Mr Groves said Coolbellup had steered away from its reputation as a poor area filled with government-housing into a suburb attractive to first-home buyers and investors.
But he believed proposed increases to residential zoning, particularly around the Coolbellup Town Centre where R80 zoning is being considered, would be too much for the suburb.
‘It will render close to the entire suburb sub-divisible in an area that is not in such high demand that would translate into an influx of people rushing to live there,’ he said.
‘Look at Cockburn Central. It’s been slower to develop than was expected and that’s on a railway station.’
Mr Groves believed a staged zoning approach would be the way to go.
‘Perth’s population growth has slowed from 3.3 per cent per annum in September 2012 to 2.6 per cent now and with a further 7500 apartments due for completion in and around Perth over the next 18 months, the challenge of oversupply in that sector of the market is real,’ he said.
‘Hopefully, investors and developers of Coolbellup buy and build to gaps in the market, namely semi-detached two-bedroom villa style homes on single levels or townhouses.’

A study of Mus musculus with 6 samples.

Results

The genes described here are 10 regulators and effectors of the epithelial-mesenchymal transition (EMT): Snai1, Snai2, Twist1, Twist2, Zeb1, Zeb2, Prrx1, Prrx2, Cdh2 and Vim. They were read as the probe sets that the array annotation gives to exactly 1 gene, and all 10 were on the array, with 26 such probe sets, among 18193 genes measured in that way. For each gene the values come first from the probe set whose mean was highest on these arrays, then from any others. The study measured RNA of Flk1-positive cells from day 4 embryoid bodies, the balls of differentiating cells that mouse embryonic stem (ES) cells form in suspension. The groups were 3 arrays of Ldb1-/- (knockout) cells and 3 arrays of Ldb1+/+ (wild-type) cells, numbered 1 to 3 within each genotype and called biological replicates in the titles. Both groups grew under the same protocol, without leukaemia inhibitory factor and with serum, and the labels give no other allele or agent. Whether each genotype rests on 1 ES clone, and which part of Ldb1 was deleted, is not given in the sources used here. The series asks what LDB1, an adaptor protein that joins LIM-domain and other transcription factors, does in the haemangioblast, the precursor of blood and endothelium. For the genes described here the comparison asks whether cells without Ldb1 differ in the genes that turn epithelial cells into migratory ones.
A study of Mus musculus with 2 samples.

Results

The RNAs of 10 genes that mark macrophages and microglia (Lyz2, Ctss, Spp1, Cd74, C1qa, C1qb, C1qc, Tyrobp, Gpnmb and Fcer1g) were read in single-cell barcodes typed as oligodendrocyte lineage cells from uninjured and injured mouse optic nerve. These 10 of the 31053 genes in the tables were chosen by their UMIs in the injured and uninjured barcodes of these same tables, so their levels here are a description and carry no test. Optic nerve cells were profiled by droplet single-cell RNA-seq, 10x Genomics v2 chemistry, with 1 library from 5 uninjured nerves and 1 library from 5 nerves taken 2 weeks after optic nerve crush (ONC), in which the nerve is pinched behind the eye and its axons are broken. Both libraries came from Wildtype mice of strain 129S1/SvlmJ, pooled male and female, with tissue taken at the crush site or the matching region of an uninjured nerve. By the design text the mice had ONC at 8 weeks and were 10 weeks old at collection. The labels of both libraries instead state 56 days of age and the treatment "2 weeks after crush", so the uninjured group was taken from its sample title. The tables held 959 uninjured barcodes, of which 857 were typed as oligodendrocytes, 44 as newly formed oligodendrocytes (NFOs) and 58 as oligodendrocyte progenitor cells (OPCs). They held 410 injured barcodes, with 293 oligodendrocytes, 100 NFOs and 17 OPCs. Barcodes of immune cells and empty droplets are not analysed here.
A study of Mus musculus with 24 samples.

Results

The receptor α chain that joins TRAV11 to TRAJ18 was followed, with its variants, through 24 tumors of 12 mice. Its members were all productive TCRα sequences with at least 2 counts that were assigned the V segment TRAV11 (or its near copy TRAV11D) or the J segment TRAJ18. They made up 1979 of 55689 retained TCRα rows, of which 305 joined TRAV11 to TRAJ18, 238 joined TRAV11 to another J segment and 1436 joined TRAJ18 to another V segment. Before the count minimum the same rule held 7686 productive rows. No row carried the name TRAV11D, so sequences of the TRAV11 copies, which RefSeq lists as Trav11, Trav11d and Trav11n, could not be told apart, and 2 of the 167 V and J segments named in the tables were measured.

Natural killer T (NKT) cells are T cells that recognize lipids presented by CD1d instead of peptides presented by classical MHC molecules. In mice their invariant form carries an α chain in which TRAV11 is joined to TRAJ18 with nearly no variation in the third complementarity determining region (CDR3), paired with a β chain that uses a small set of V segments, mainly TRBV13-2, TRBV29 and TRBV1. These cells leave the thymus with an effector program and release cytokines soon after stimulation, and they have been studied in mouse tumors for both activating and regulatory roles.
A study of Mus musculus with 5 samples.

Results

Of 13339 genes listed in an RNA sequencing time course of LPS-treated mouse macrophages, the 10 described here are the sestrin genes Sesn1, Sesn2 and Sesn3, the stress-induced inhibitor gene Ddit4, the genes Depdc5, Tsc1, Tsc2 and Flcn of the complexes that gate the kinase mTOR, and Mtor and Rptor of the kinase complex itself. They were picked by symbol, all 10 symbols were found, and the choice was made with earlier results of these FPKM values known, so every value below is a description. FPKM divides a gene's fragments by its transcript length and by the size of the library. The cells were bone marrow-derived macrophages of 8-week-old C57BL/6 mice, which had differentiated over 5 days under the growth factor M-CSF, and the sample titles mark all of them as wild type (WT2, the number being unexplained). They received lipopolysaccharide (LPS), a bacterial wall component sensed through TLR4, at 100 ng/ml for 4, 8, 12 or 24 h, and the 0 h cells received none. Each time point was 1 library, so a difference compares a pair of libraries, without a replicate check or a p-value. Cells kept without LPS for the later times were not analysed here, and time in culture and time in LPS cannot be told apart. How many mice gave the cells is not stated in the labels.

Cockburn Mayor Logan Howlett was confident the strategy would work to the benefit of the City’s changing demographics and average household makeup.
‘Coolbellup ranks as the second fastest selling suburb in Australia at the moment,’ he said.
‘People desire to live there due to its unique placement close to major employment, education, retail and natural areas.
‘It is also on the doorstep of what will become one of the largest health precincts in the southern hemisphere.’
Mr Howlett said a staged rezoning process was not preferred because it would distort development opportunities, creating further barriers in housing affordability and diversity.
‘Staged rezoning would fracture what is a very cohesive and strong community that currently exists in Coolbellup,’ he said.
‘Given that landowners will not choose to redevelop at exactly the same time, the redevelopment will naturally occur gradually over the next 10 to 20 years.’
Formal rezoning changes will be considered next month, with advertising to follow.